Page:A history of Sanskrit literature (1900), Macdonell, Arthur Anthony.djvu/486


LITERATURES OF THE WORLD.

MODERN ENGLISH LITERATURE. By Edmund Gosse, Hon. M. A. of Trinity College, Cambridge. 12mo. Cloth, $1.50.

"Mr. Gosse has been remarkably successful in bringing into focus and proportion the salient features of this vast and varied theme. We have read the book, not only with pleasure but with a singular emotion. . . . His criticism is generally sympathetic, but at the same time it is always sober."—London Daily Chronicle.

"Mr. Gosse's most ambitious book and probably his best. It bears on every page the traces of a genuine love for his subject and of a lively critical intelligence. Moreover, it is extremely readable more readable, in fact, than any other single volume dealing with this same vast subject that we can call to mind. . . . Really a remarkable performance."—London Times.

"A really useful account of the whole process of evolution in English letters—an account based upon a keen sense at once of the unity of his subject and of the rhythm of its ebb and flow, and illumined by an unexampled felicity in hitting off the leading characteristics of individual writers."—London Athenæum.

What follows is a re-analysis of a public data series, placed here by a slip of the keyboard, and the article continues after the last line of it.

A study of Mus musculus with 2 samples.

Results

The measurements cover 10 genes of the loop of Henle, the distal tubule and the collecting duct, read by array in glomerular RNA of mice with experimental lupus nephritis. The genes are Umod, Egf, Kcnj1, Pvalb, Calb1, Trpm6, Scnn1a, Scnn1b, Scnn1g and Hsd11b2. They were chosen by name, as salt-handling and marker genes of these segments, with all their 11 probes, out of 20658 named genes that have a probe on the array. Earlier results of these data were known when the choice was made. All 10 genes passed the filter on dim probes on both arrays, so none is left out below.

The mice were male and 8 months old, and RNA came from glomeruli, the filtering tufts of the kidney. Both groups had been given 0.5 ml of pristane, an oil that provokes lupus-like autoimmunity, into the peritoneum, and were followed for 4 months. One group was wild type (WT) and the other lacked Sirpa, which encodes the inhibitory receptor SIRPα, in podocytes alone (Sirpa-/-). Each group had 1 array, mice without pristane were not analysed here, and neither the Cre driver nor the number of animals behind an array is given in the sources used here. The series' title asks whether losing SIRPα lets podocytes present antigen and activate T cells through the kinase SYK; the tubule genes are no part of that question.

"A book which in soundness of learning, sanity of judgment, and attractiveness of manner has not been equaled by the work of any other author who has sought to analyze the elements of English literature in a concise and authoritative way."—Boston Beacon.

"Thoroughly enjoyable from first to last. It traces the growth of a literature so clearly and simply, that one is apt to underrate the magnitude of the undertaking. Mr. Gosse's charming personality pervades it all, and his happy manner illuminates matter that has been worked over and over until one might imagine all its freshness gone."—Chicago Evening Post.

"This is not a mere collection of brief essays on the merits of authors, but a continuous story of the growth of literature, of which the authors and their works are only incidents. The book is lucid, readable, and interesting, and a marvel of condensed information, without its seeming to be so. It can be read by nine out of ten intelligent people, not only without fatigue, but with pleasure; and when it is finished the reader will have a comprehensive and intelligent view of the subject which will not only enable him to talk with some ease and confidence upon the merits of the principal creators of English literature, but will also point the way to the right sources if he wishes to supplement the knowledge which he has derived from this book." —Pittsburg Times.

"That he has been a careful student, however, in many departments, the most unrelated and recondite, is evident on every page, in the orderly arrangement of his multitudinous materials, in the accuracy of his statements, in the acuteness of his critical observations, and in the large originality of most of his verdicts. He says things that many before him may have thought, though they failed to express them, capturing their fugitive expressions in his curt, inevitable phrases."—N. Y. Mail and Express.